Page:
It is quite an oddity in the unfurling life of Bob Dylan that the beloved and seismic star has actually found himself on the receiving end of vicious boos from time to time. He was lambasted as ‘Judas’ when he moved from folk to electric rock star, and during his Born-Again Christian phase, he was castigated at an Arizona University show for not playing the hits and responded: “If you want rock ‘n’ roll you can go see Kiss, and rock ‘n’ roll all the way down to the pit!”
In short, the point is that being booed does not necessarily make you a bad performer – at least in some cases. Far from it, in fact, it often proves that an artist has the integrity to do their own thing and disavow the demands of the gallery. And as David Bowie once said, that is often when an artist does their best work.
Sinead O’Connor is also no stranger to public wrath, albeit sometimes for her own unique wayfaring reasons. In an excerpt from her memoir, Rememberings: Scenes from my Complicated Life, she recalls the time that she received a wave of abuse at a 1992 concert in honour of Bob Dylan.
The show was to celebrate 30 years since the folk troubadour had released his self-titled debut album. Only 13 days prior to her appearance on Dylan’s star-studded bill, O’Connor had been banned by NBC for life for tearing up a picture of the Pope on live television. Thus, things were already a bit cagey when she was due to perform amid the likes of George Harrison, Tom Petty, Neil Young, Johnny Cash, Stevie Wonder, the Band, Lou Reed, Chriss Hynde, Tracy Chapman and others.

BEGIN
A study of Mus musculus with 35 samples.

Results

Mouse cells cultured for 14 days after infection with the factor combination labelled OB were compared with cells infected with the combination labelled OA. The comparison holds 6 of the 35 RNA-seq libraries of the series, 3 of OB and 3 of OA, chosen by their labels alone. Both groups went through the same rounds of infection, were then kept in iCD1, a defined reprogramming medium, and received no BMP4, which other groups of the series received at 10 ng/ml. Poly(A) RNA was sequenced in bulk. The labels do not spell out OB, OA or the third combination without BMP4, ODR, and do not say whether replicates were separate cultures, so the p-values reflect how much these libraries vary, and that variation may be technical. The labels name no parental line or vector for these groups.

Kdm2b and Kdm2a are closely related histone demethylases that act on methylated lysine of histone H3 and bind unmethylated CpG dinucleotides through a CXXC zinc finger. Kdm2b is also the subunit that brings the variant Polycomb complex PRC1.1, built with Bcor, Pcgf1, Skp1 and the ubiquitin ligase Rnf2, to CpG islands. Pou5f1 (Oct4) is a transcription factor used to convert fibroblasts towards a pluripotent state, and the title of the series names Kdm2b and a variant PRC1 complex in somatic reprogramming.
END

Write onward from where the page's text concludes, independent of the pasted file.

As it happens, Kris Kristofferson took the stage and announced: “I’m real proud to introduce this next artist whose name became synonymous with courage and integrity. Ladies and gentlemen, Sinead O’Connor.” Instantly, the boos rang out as though it was Pavlovian conditioning on the audience’s part to respond to her name that way. After a solid awkward minute in which she faced an intense barrage, the boos subsided just enough for her band to begin playing ‘I Believe in You’.
However, it would seem that the Dylan fans in attendance were merely catching their breath as, once again, the intensity of the onslaught increased. The noble Kristofferson emerged on stage and whispered some words of encouragement to the visibly saddened Irish star. He departed, and after a few more bars of music, the boos continued.
At this point, O’Connor called a halt to her band and, just as she had done during her SNL Pope fouling debacle, she sang a section of Bob Marley’s ‘War’ before bolting off stage and into the arms of Kristofferson. Naturally, this created a tricky atmosphere to conquer, but Eddie Vedder and Mike McCready almost instantly got the crowd back on board with their now-iconic cover of ‘Masters of War’.
The excerpt to her book concludes: “A lot of people say or think that tearing up the pope’s photo derailed my career. That’s not how I feel about it. I feel that having a number-one record derailed my career and my tearing the photo put me back on the right track. I had to make my living performing live again. And that’s what I was born for. I wasn’t born to be a pop star. You have to be a good girl for that. Not be too troubled.”
The recording from the concert’s rehearsal below shows what could’ve been.